Eric Platt and Colby Smith in New York and Katie Martin in London

Fading expectations of a decisive election win for Joe Biden have boosted bonds and lifted the dollar as a set of trades based on a “blue wave” Democratic sweep of the White House and Congress stumbled.

Investors had ramped up bets in recent days that decisive Democratic victories in line with pre-vote opinion polls would spark another round of stimulus for the US economy.

Mr Biden may still clinch the presidency, but Donald Trump’s victories in Florida and Ohio have undermined investor expectations of a big win for the Democrats. Instead, the Republicans’ strong showing in several battleground states, and seemingly tight grip on the Senate, have prompted money managers to prepare for the prospect that the outcome will remain unclear for days and the US could be left with a divided government, complicating the investment outlook.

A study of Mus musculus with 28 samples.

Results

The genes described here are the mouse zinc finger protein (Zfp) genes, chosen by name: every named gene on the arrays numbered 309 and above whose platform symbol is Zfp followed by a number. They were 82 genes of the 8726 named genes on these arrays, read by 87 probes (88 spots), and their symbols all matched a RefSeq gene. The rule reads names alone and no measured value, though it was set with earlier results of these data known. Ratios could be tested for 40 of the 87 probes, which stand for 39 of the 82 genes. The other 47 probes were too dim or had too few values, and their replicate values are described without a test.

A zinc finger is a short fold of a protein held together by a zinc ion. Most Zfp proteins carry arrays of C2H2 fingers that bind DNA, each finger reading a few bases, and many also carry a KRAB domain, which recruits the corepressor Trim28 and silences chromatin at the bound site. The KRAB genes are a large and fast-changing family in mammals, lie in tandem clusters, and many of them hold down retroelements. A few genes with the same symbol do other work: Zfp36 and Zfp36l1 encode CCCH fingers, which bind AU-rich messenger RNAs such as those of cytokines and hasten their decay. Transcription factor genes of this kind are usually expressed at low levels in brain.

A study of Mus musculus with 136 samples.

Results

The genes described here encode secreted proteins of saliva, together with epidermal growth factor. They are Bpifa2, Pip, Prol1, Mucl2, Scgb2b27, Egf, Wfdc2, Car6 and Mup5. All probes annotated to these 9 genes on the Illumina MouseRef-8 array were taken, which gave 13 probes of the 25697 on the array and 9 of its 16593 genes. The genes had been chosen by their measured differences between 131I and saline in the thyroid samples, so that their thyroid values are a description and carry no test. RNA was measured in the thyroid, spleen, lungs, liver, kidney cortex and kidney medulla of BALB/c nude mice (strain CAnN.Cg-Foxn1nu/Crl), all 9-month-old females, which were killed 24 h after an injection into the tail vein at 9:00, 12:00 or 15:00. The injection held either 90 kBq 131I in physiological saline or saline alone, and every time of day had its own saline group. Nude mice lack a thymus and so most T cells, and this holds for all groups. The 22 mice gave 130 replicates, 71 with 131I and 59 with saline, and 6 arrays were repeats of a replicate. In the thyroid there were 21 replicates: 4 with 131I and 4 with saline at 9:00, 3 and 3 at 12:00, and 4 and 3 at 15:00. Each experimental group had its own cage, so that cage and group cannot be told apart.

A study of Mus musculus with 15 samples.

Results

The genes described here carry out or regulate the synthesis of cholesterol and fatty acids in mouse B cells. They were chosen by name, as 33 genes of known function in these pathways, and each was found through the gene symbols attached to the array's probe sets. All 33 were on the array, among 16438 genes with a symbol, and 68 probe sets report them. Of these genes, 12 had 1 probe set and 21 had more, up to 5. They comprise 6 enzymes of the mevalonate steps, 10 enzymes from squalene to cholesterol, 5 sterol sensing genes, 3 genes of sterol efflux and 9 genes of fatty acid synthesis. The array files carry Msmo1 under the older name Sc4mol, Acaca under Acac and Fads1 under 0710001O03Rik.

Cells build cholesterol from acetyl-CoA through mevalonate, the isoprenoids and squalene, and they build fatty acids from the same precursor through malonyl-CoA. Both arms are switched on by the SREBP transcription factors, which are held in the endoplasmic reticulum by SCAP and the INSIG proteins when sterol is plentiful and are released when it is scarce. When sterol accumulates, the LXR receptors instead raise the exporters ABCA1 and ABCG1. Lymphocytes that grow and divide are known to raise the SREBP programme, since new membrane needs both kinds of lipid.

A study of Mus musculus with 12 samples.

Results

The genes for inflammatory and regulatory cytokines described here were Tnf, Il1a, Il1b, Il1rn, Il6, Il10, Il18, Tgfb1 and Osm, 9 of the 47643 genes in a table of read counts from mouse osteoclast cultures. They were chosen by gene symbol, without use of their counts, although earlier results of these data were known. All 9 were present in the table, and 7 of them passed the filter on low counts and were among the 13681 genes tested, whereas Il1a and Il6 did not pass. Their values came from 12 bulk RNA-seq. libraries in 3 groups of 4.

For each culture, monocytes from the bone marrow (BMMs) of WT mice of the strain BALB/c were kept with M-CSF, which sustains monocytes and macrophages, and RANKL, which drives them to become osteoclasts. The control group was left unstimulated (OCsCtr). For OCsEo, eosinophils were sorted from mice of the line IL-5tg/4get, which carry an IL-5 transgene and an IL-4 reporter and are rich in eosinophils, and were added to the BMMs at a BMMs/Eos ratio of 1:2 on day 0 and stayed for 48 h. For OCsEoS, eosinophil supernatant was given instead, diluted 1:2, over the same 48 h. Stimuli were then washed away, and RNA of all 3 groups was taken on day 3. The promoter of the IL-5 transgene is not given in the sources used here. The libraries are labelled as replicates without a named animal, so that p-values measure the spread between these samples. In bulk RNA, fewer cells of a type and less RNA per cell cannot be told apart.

“The ‘blue wave’ trade has been going on since the summer and has built up more recently, and I would expect it to unravel now. But beyond that, trading the outcome in this environment makes no sense,” said Fabiana Fedeli, global head of fundamental equities at Robeco.

“Short term, I think we sit it out,” she added, arguing that economic stimulus and the path of the pandemic were much more significant drivers for markets than the outcome of the election alone.

The yield on the 10-year Treasury briefly eclipsed 0.9 per cent on Tuesday evening — hitting the highest level since June — in anticipation that a big Democratic win could fire up government spending, and potentially inflation. In turn, that was expected to place more downward pressure on longer-term bond prices, and send yields rising.

But yields dropped to 0.8 per cent on Wednesday morning, reflecting how some fund managers had been caught out. “Markets need to have a serious look at their systems,” said Didier Saint-Georges, head of portfolio advisers at French investment house Carmignac. “Now we are back to where we were before the ‘blue wave’ trade. We are back to fundamentals.”

The dollar also strengthened alongside the gains in Treasuries, rising 0.3 per cent against the euro and 0.4 per cent against the Japanese yen.